Venezia and Verona

Our annual CCI trip to Venezia began as it ended…in the snow! This is not how one pictures this ancient and storied city or sees it depicted in travel magazines. It may have been cold and snowy but at least we did not have to contend with floods at the same time. 

After an early start and a long morning drive, we arrived in Venice eager to explore the city. Cold winds blew down the streets and over the canals as we held our orientation tour of the city starting at the magnificent Basilica San Marco. 

A little later in the afternoon, wind-blown visitors abandoned the idea of gondola rides and scurried for cover in the Piazza San Marco.  

Dinner was held in the hotel on both nights. 

Three Friday morning tours were offered to the students. Those students who visited the Tragicomica were in fact visiting a mask making factory. There they learned about the art of making masks, the history behind the masks themselves as well, as well as the history of the annual Venetian Carnavale. A second group was led on a mystery tour of Venice. In this tour, as they visited a number of places both famous and infamous, they were told stories about events that had occurred there. However, one of the stories was concocted by the teachers in advance and presented as true. Of all the stories told, the students had to guess which story was false. (Only one student of over twenty guessed correctly.)  The third group visited the Peggy Guggenheim Museum which houses many works of modern art. Peggy Guggenheim inherited a fortune and devoted herself to supporting young modern artists like Picasso, Braque, Miro, Klee, Kandinsky, Mondrian through the purchase of their works. These became the nucleus of her important major collection of art.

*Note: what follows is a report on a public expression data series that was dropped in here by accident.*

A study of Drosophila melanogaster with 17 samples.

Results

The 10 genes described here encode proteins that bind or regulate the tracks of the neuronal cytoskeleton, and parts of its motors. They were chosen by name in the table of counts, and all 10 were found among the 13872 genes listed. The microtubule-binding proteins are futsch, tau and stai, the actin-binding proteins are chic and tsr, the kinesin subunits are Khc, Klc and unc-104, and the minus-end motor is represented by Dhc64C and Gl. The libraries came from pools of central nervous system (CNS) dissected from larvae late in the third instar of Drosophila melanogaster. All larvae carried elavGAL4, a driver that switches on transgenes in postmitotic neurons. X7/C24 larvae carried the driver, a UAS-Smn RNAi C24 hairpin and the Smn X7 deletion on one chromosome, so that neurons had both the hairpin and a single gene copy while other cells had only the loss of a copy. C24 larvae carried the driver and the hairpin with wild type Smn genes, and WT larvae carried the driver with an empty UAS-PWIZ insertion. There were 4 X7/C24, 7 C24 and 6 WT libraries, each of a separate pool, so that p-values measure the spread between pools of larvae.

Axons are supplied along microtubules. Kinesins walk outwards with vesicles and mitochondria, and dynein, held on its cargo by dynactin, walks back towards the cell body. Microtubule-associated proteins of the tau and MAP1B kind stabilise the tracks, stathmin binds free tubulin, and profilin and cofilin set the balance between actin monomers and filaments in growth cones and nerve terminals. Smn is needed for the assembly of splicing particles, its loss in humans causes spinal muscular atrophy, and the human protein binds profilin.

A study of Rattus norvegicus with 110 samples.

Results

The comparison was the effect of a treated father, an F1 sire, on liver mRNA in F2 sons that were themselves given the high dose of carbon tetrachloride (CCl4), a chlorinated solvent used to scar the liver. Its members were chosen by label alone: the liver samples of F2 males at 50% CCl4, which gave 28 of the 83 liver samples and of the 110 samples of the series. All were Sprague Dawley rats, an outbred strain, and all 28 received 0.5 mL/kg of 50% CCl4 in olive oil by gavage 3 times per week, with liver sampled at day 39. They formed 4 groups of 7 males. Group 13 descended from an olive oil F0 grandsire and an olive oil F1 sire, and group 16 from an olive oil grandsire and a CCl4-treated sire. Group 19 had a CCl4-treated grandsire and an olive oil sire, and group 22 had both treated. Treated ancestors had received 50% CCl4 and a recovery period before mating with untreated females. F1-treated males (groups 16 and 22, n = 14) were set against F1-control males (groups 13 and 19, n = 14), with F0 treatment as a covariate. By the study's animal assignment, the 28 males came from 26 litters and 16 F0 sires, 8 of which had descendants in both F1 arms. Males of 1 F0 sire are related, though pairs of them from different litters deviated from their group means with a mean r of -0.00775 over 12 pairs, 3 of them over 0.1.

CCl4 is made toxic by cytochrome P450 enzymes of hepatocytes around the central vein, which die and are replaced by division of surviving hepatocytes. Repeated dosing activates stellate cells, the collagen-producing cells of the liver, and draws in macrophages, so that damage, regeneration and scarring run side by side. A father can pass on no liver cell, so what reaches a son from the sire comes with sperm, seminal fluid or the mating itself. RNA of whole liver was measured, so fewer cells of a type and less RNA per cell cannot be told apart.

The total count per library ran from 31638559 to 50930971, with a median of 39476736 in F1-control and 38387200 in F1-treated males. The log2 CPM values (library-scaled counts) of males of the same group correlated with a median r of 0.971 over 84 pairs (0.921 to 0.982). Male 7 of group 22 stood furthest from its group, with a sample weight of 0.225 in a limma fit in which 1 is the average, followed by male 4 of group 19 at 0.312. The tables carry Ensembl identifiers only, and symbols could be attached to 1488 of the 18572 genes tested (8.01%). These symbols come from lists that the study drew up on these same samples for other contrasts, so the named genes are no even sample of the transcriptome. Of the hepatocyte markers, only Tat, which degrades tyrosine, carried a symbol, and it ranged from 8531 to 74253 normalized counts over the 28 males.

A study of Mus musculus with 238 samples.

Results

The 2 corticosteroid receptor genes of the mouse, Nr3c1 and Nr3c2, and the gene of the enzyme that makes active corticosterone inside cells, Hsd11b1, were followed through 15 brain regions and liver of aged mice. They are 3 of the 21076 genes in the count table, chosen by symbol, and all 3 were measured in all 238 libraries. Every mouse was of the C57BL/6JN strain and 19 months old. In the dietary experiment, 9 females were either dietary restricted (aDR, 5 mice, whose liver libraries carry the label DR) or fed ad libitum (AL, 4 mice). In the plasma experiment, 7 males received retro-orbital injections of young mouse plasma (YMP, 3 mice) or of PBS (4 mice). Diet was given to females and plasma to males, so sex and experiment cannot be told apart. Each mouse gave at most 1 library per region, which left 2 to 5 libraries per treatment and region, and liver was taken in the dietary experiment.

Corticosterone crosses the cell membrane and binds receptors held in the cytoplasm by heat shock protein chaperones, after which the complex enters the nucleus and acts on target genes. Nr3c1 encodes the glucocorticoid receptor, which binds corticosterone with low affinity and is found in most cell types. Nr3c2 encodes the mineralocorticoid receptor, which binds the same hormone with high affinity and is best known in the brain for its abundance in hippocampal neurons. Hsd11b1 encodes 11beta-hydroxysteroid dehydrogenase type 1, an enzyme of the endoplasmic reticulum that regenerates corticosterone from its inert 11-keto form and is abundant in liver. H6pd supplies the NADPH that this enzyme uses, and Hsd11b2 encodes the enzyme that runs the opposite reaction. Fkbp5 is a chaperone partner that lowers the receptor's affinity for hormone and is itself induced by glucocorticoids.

That afternoon, we visited the Palazzo Ducale. It was the seat of government for the Venetian Empire and built to impress. It was also the judiciary and prison, which we toured. 

The infamous Bridge of Sighs was the passageway from the Palazzo to the prisons. For prisoners, looking through the latticed windows was their last view of the outside world before certtain death in the bowels of the prison. 

Following that tours, some students elected to remain near the Piazza San Marco while others took a Vaperatto ride along the Grand Canal. 


On our way south the next day, we stopped at Verona for a couple of hours to see Juliet’s balcony and some of the sites of this ancient city.


Our intention was to then stop in Bologna for a few hours to have dinner. However, we ran into a blizzard which made driving treacherous and slow. 

It was a long slow ride back to Lanciano but credit goes to Maurizio our driver who ensured that we all returned safely.